Legendary Russian singer Alla Pugacheva condemns war in Ukraine

·2-min read
Alla Pugacheva, 2016
Pugacheva is one of Russia's biggest pop stars. (Photo: Serge Serebro, Vitebsk Popular News/Wikimedia Commons)

One of the most popular singers in Russia has condemned the invasion of Ukraine.

Alla Pugacheva, who has been one of the country’s best-known pop stars since the 1960s, took to social media to demand that Russian authorities declare her a “foreign agent”.

Her husband, the comedian, TV presenter and singer Maxim Galkin, was already well-known for his staunch opposition to the conflict. Now, his wife has joined him, praising him as “a true incorruptible Russian patriot, who wants…and end to our lads dying for illusory aims.”

These goals, she added, “make our country a pariah and the lives of our citizens extremely difficult.” Her husband wants “prosperity for his motherland, peace, free speech,” she went on.

The Kremlin continues to refer its invasion of Ukraine, which began in February, as a “special military operation” designed to rid its neighbour of neo-Nazis in government, a claim widely discredited.

The scale of Pugacheva’s fame in Russia means her comments will hit the headlines, at a time when the country’s offensive is in disarray; a lightning-fast counteroffensive by Ukrainian troops in the north-east of the country has seen it retake thousands of square miles of territory, with the Russians in retreat.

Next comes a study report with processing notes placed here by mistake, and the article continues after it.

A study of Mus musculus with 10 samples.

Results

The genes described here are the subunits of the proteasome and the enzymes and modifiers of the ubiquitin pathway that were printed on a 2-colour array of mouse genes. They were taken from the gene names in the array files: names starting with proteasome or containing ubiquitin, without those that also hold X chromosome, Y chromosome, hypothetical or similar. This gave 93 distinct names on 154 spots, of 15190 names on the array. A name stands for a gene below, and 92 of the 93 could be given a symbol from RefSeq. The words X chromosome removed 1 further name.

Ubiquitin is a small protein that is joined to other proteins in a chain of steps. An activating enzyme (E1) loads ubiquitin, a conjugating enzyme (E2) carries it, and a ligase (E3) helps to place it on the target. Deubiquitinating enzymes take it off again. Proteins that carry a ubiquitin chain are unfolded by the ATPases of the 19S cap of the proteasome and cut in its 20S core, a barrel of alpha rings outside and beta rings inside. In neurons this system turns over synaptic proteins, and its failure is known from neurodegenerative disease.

Galkin was himself added to the foreign agents’ register by the authorities in Russia last Friday (September 16). As well as having arduous financial and bureaucratic implications, being labelled a foreign agent is something that comes with a negative symbolism that dates back to the Soviet era.

He had already lost his prime-time TV show back in April, after speaking out in the wake of a missile strike that killed a three-year-old Ukrainian, and had been dropped from a number of advertising contracts.

Per the BBC, Pugacheva’s intervention represents her first real political statement in a glittering showbiz career that dates back decades. “She’s not the only one who may turn the public opinion,” said Artemy Troitsky, a musician and Kremlin critic living in exile in Estonia. “The obvious wrongdoings of the Russian army and the offensive of the Ukrainian army and the worsening economic situation and so on, all those factors work against Putin and against the war.”

However, he did not downplay the importance of Pugacheva’s words. “I think that morally and emotionally this statement of Alla Pugacheva is maybe one of the most strong efforts in these directions.”